Afghanistan ambassador to the United States Said T. Jawad emphasized Tuesday night that there are significant differences between Iraq and his home country.
Jawad arrived in Alaska's capital to give a presentation titled, "Beyond the Headlines: Afghanistan's Stability and Global Security," on behalf of the Juneau World Affairs Council.
Jawad did not attempt to gloss over the escalated violence that continues in Afghanistan, while at the same time the ambassador highlighted many of the strides his country has made since establishing a democratic government.
"Clearly Afghanistan has come along way from six years ago from the dictatorship of the Taliban," he said.
Jawad, the former chief of staff for President Hamid Karzai, was appointed as ambassador to the U.S. in 2003. His work assisting the rebuilding of Afghanistan since the fall of the Taliban includes helping reform the Ministry of Defense and working to rebuild the Afghan National Army.
Jawad highlighted a number of successes during Tuesday's speech, including political and economic development and social changes. According to Jawad, the gross domestic product has nearly quadrupled. During the Taliban's rule there was no formal banking system, but now there is an independent central bank with 32 branches. School enrollment has also skyrocketed from nearly 900,000 to approximately 6 million.
Jawad highlighted that there was an absence of women in Afghanistan's political arena during the rule of the Taliban. Seventy-four women have since been elected to the Afghan Legislature.
"It's not just a matter of changing the law," he said. "It's not just a matter of adopting a better constitution. You change really and truly the lives of women and the rights of women in society by investing in education."
Doug Mertz, president of the Juneau World Affairs Council, said presentations by diplomats are often dull because they are so diplomatic.
"That was not the case here," he said. "I think he was quite frank and open about the challenges and successes going on in Afghanistan."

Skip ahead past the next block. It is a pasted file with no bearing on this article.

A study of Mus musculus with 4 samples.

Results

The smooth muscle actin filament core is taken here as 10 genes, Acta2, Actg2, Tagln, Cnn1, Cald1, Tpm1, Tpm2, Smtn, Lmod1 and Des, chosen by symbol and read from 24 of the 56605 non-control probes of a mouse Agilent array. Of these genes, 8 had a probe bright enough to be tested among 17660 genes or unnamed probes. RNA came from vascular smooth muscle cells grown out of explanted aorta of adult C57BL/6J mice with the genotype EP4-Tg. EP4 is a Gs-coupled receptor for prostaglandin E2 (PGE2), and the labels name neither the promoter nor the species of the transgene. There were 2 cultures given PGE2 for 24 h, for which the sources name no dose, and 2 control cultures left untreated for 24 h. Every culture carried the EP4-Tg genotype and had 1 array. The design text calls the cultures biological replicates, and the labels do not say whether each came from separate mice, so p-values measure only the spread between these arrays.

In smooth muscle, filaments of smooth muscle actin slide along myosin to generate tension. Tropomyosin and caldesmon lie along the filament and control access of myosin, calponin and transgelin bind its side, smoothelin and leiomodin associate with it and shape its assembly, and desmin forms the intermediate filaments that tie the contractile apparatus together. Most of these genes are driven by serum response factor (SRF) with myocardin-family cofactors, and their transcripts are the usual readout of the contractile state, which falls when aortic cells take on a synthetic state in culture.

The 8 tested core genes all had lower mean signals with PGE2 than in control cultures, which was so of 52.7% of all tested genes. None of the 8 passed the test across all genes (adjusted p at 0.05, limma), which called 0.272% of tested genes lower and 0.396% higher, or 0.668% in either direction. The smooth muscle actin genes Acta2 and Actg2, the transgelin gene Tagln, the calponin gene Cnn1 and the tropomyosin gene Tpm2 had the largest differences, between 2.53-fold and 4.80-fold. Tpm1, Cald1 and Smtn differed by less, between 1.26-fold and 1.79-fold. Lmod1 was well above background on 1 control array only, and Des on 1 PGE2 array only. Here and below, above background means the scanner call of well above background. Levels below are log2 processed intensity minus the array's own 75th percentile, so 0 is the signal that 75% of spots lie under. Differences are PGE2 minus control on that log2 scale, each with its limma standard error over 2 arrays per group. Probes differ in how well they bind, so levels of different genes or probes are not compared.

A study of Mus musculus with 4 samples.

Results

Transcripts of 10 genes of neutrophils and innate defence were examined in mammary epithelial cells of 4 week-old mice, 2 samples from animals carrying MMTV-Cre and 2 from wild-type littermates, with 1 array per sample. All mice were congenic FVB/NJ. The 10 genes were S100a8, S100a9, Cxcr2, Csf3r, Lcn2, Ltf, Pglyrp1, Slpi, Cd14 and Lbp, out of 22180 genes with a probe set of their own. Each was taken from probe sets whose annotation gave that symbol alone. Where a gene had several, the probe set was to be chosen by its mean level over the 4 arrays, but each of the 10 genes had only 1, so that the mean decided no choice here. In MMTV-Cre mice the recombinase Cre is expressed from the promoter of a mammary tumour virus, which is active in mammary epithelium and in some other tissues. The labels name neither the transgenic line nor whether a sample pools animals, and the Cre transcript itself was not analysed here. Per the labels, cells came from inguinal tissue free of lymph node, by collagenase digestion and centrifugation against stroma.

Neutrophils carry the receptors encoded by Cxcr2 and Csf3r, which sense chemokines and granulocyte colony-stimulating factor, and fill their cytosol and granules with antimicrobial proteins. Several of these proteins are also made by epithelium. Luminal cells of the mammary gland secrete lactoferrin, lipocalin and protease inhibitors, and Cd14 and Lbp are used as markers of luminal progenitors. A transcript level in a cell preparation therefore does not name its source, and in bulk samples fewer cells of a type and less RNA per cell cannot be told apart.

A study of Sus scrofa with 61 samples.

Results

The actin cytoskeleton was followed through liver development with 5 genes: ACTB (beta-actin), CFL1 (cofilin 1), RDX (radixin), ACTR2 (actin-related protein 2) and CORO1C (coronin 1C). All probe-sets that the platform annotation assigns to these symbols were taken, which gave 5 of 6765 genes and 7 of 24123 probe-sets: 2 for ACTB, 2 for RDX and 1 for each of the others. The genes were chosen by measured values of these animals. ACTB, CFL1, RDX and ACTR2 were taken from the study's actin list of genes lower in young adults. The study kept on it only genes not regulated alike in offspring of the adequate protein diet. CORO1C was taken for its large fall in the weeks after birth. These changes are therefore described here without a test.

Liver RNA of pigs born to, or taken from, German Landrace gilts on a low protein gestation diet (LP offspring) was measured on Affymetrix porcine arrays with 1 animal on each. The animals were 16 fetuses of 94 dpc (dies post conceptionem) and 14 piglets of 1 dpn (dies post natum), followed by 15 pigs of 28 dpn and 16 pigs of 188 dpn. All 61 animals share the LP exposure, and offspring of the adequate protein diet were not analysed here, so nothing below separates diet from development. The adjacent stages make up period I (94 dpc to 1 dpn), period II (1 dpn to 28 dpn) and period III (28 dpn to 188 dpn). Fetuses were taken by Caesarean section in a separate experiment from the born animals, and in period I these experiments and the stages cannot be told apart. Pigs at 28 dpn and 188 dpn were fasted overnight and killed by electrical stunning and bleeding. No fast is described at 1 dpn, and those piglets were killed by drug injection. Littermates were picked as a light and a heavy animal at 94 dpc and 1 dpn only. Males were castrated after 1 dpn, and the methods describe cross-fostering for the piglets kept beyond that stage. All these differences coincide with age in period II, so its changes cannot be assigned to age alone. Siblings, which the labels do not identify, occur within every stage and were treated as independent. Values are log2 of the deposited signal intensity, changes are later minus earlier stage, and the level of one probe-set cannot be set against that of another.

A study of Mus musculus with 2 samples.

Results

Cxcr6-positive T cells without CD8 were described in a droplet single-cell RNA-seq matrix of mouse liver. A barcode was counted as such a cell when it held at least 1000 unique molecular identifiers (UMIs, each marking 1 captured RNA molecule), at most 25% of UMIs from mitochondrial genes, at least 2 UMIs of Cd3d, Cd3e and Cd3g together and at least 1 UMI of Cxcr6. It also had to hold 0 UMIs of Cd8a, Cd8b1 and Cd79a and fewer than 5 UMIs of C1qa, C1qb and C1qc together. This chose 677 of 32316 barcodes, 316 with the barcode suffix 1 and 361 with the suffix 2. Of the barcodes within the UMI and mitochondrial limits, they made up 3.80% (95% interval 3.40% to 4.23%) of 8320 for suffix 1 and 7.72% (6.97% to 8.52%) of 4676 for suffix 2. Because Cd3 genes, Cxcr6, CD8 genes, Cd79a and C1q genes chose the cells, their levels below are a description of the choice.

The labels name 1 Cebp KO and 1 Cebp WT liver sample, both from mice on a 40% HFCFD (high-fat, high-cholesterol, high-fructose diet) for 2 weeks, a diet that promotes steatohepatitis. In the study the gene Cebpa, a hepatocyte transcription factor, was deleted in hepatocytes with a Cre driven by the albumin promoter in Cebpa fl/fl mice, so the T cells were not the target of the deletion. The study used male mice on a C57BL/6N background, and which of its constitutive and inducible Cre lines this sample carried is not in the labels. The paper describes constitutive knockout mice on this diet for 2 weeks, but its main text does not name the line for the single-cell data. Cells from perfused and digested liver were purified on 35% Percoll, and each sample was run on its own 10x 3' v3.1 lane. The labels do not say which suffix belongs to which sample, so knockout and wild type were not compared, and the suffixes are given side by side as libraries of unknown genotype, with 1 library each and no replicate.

Mertz said the ambassador's repeated statements emphasizing the differences between Iraq and Afghanistan resonated with him.
"It's a very different place, with different conflicts and a different role for the U.S.," he said of Afghanistan. "That's something that really hit home with me, because most of us do tend to lump the two conflicts together, at least as far as the United States' interests."
Jawad did not hesitate to address the increasing violence in Afghanistan and the continued fight against insurgents and drug lords. The country has experienced more than 125 suicide attacks this year, which surpasses the figures for 2006.
"This year we will see another record number of suicide attacks," he said.
The number of security incidents per month has also increased, from an average of 425 in 2006 to 548 in 2007.
There is still much improvement to be made with country's army and police forces to strengthen its security, Jawad said. There is no shortage of courage in Afghanistan, but it's in need of more experience, resources and training opportunities, he said.
Jawad said the government is working to convince its neighbors that a stable, peaceful and prosperous Afghanistan presents great opportunities for the region. He said it is important to continue working with Pakistan and Iran to build Afghanistan for the region to continue to prosper.
Jawad said he wanted to come to Alaska to express the gratitude of the Afghan people for the continued help and support the United States has given. He said he has been able to find similarities between the people of Juneau and the people of Afghanistan.
"There are a lot of similarities," Jawad said. "One thing that we share is really hospitality and kindness that I have encountered among many people."
Groups like the Juneau World Affairs Council allow communities to strengthen the bridges between people and cultures all across the world, he said.
"We are connected in our concern for security, for health care, for education," Jawad said. "It's pretty much the same, regardless of where you live."
Contact Eric Morrison at 523-2269 or firstname.lastname@example.org.